WASHINGTON — It’s a public relations win for the president-elect: Donald Trump’s company says it will donate profits from any foreign governments that use his hotels. In practice, however, the public may never know if any money changes hands.

Trump says he is making the move to avoid the appearance that foreign governments can curry favor with him by using his hotels – including one that just opened a short walk from the White House.

“This way, it is the American people who will profit,” said Sheri Dillon, a lawyer working with the Trump Organization, as she outlined Trump’s plan for his global business empire while he’s president. The hotel-profits money would be sent the U.S. Treasury.

Yet the unusual arrangement left many ethics experts with questions about how it would be implemented, disclosed and enforced. Several panned the idea as an unenforceable PR move.

One key question was about Trump’s definitions. The donations pledge only applies to “his hotels and similar businesses,” Dillon said, leaving open questions about foreign governments that may purchase condos in his buildings or spend money on Trump golf courses.

The policy appears to apply only to “foreign governments,” – a narrow description that seems to overlook governments that use a third-party vendor to do business with Trump. It does not apply to domestic interests, including companies that may have regulatory business before the government, or domestic lobbyists.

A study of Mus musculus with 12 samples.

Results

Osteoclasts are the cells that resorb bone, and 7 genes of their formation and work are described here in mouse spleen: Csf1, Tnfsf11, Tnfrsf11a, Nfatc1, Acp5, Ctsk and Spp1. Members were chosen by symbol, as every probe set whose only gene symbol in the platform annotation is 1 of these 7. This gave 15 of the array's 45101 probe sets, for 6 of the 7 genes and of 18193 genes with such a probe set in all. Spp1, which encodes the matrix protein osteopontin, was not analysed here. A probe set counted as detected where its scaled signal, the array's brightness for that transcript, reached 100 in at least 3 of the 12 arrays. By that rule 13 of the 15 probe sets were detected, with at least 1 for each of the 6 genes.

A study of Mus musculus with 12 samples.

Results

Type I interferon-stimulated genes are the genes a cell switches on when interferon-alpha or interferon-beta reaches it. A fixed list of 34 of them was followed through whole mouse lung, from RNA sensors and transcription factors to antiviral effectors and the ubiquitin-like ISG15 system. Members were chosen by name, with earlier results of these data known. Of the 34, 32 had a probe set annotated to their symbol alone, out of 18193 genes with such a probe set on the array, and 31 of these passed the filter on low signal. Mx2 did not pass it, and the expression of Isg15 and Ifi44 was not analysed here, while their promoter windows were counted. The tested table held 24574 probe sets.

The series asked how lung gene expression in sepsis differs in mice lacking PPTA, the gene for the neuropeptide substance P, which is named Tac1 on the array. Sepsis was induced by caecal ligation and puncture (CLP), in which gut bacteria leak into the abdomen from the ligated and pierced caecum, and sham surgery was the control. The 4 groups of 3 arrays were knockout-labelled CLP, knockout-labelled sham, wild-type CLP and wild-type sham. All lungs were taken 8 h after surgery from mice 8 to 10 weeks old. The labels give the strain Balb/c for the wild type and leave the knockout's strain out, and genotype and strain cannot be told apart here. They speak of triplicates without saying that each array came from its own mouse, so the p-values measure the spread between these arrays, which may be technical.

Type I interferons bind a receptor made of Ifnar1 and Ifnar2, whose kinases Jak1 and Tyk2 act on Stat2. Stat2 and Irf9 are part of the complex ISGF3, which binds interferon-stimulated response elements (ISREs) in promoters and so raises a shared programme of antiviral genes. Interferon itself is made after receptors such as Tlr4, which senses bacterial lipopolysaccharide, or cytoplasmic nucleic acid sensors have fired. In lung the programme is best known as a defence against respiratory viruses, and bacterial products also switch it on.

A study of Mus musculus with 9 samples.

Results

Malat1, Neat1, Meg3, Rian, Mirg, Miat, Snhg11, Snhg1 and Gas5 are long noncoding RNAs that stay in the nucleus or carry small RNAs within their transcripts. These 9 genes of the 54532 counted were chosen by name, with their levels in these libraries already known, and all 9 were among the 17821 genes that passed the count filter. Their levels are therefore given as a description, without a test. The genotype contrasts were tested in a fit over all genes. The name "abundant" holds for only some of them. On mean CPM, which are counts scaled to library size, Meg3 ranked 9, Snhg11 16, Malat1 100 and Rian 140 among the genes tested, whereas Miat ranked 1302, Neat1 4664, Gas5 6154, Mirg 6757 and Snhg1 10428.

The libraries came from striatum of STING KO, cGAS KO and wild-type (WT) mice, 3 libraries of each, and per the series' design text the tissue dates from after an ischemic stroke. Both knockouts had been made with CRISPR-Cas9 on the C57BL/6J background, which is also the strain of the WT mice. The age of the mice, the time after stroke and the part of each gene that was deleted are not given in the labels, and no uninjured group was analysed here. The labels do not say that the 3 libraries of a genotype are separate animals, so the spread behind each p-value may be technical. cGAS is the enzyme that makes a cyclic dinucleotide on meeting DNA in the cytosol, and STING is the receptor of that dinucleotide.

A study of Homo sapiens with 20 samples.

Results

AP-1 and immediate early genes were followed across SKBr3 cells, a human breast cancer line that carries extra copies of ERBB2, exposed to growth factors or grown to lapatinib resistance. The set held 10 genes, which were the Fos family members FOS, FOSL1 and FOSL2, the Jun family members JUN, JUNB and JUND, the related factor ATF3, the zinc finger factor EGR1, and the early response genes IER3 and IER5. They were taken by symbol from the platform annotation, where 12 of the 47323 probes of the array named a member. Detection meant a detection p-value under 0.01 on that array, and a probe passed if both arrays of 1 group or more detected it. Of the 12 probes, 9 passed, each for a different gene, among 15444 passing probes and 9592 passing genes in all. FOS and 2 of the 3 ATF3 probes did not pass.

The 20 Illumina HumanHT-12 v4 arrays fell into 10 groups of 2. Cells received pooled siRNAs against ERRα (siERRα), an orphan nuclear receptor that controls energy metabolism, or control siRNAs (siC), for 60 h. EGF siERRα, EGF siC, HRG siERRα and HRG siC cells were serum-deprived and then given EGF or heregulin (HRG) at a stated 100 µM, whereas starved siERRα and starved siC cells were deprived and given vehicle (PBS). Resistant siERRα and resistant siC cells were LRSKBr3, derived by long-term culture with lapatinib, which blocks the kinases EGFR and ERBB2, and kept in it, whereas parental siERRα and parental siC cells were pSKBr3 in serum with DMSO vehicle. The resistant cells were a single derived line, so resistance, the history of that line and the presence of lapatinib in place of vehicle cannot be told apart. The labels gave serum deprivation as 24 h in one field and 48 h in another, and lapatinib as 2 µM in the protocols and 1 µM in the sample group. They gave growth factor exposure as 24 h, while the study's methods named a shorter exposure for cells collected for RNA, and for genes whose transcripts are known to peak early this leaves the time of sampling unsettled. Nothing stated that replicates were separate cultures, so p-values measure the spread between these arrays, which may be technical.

And then there is the focus on “profit.” Steve Carvell, a Cornell University School of Hotel Administration professor, said it’s not impossible – but is challenging and unusual – to try to calculate “profit” on an individual room or venue rental. Typically, that’s assessed monthly or quarterly and for an entire category – such as the rooms or food and beverage department – within a property.

“It’s a monumental task to constantly run this down,” Carvell said. “Even if the company is trying its hardest and making its very best effort, it will be difficult to fulfill that goal.”

U.S. presidents are not subject to the conflict of interest laws that their own appointees must follow, but until now they have followed them anyway to set an example. Trump is refusing to give up a financial interest in his company while turning over the reins to his adult sons and a senior executive.

The policy is crafted to address the argument that Trump’s business may not break conflict-of-interest law but does violate the U.S. Constitution. Ethics attorneys have argued that foreign government guests at his hotels will put him in violation of the emoluments clause of the Constitution, which prohibits presidents from accepting gifts and payments from foreign governments without congressional approval.